The long quest by the U.S. Air Force to acquire a new combat rescue helicopter (CRH) appears to have concluded, with Sikorsky's announcement that it has received an engineering and development (EMD) contract worth an estimated $1.28 billion for a derivative of the UH-60M Black Hawk.
The EMD contract provides for four helicopters, the development and integration of the rescue mission systems and seven aircrew and maintainer training systems. Five more helicopters and training for their crews are on option, for delivery by 2020. Sikorsky said that up to 112 helicopters worth $7.9 billion might eventually be acquired. Lockheed Martin is the major subsystems provider in Sikorsky’s bid.
The USAF launched its CRH evalution in March 2010 after the failure of a more ambitious requirement designated CSAR-X (combat search and rescue helicopter-X). A version of the Boeing Chinook designated HH-47 was selected for CSAR-X in 2006, but protests from losing contenders and a rethink by the Pentagon spelled the end of CSAR-X in 2009. The RFP for the CRH was issued in October 2012. After examining the RFP, potentially competing OEMs decided not to bid.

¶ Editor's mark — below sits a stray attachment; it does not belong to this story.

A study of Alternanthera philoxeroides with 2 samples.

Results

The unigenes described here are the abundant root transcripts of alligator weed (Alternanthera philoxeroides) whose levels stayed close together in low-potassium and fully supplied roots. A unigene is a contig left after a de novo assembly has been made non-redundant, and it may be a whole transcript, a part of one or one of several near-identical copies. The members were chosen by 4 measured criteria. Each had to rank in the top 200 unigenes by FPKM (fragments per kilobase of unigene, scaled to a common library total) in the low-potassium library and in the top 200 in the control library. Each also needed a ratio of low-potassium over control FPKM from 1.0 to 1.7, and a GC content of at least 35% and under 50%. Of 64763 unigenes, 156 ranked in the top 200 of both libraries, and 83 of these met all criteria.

Sikorsky provides the Air Force’s current CRH, in the form of the aging HH-60G Pave Hawk. The new CRH will retain the T700-GE-701D engines, composite wide-chord main rotor blades, and fatigue- and corrosion-resistant machined aerostructures of the UH-60M. But the fuselage will be redesigned for more internal fuel and cabin space, according to Sikorsky.
The company has already produced more than 700 UH-60Ms for U.S. and foreign military air arms.